This Week in 19th-Century Conspiracy

Right now I’m writing my presentation for CSICon, and if you follow my twitter feed, you are well aware of this. CSICon has taken precedent over most other things at this point, and I’m gunning to have the entire presentation done well before I go to New Orleans, so I can just plug and play. Well, play mostly.

The program says I’m writing about religious conspiracy theories, which is mostly true. It’s actually going to be about a lot more than just straight religion. As I was writing, I realized that there was a good chance my audience would start thinking, “So the hell what?” as I was writing about a number of anti-Jesuit and anti-Catholic movements in 19th-century. This audience is on the cutting edge of bullshit–they are up on their game and mostly committed to fighting woo, bunk, nonsense and enfeebling thoughts in the here and now. So, I have reengineered my presentation to bring make clear that there is a close continuity between the conspiracy theories of yesteryear and the conspiracy theories of todayyear. In particular, I am going to be looking at the features of these old stories and the features of the more recent stories. And instruct my audience to embrace the FEMA death camps and obey the New World Order. (I know that some of you Truthers are reading this! w00t!)

Basically, I’m going to answer the question, “What does a pillow fight having gone horribly wrong have to do with UFOs?” I’ve taken an especially strange statement given to me by a modern conspiracist and am looking at all the history that led up to someone making such an extreme claim. In doing so, I hope to show that, as much as it appears and no matter how truly gobsmacking this comment was, it was not pulled right out of his probed orifice, but is the end product of immense conspiracist energies spanning decades. I hope that it will fit in nicely with the meme-based explanations that I anticipate from the other panelists, since I will be looking at some of the longest-lived (most enduringly reproductively successful) memes.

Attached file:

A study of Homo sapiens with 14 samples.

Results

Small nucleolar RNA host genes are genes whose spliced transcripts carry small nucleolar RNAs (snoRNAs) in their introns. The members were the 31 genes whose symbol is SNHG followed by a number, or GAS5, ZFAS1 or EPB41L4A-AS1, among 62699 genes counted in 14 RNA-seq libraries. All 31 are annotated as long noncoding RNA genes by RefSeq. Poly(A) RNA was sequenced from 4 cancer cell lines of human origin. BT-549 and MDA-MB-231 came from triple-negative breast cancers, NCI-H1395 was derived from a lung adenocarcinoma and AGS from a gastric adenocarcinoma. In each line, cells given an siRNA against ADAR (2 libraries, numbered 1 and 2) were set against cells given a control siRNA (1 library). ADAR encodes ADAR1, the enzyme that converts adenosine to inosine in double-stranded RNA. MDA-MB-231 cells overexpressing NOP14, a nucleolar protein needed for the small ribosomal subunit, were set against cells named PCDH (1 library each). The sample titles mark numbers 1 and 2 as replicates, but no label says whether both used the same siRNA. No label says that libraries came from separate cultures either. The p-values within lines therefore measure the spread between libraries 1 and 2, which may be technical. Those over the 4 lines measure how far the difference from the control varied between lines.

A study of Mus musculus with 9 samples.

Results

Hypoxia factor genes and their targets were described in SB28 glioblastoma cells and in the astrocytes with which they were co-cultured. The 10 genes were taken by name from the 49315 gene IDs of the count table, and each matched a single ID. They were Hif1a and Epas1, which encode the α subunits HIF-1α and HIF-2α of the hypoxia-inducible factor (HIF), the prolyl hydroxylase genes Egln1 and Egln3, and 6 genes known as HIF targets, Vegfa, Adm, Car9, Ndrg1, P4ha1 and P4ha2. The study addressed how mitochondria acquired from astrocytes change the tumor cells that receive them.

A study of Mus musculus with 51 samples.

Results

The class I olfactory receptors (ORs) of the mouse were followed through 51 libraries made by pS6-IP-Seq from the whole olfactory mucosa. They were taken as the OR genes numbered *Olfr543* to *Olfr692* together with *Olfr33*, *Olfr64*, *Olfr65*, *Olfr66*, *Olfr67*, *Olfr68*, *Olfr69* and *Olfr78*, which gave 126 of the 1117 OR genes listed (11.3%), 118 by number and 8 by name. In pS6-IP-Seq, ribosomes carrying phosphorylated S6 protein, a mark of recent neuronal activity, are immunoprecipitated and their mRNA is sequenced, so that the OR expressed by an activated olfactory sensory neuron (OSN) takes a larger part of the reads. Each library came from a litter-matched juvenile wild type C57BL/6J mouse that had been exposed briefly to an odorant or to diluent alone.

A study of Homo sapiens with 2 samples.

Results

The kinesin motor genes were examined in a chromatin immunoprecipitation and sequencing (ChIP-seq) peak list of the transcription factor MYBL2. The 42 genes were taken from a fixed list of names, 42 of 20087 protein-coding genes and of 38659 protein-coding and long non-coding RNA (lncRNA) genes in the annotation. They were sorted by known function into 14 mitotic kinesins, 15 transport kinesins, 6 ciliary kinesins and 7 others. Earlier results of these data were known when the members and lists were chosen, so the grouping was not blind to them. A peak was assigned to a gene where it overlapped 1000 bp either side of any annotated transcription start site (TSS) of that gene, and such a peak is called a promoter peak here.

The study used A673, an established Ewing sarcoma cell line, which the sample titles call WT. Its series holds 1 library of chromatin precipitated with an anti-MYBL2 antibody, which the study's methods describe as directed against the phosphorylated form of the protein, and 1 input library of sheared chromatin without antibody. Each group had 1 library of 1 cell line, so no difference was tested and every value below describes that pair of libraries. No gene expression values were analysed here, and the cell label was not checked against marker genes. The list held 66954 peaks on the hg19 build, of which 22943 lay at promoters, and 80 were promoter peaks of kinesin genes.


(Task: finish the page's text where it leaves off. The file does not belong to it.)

I don’t want to spoil it all here right now–not that the people who I will be presenting to are currently readers. (I do hope, though, that some of them will become readers by the end of the conference.)


2 Responses to This Week in 19th-Century Conspiracy

  1. John D says:

    I wish I could be at CSICon. It sounds like it will be terrific. Best of luck!

  2. Pacal says:

    If your interested in a bit of history of people who thought the earth did not rotate arouind the sun see Fads and Fallacies in the Name of Science, by [The late] Martin Gardner, Dover Books, 1952, revised 1957. There you will also find people who think the world is flat, and those who believe that we all live inside a hollow earth. For an update on the flat earth idea see Flat Earth by Christine Garwood, St. Martin’s Press, 2007. Oh and book has a very amusing chapter on Leo Ferrari and the Canadian Flat Earth Society.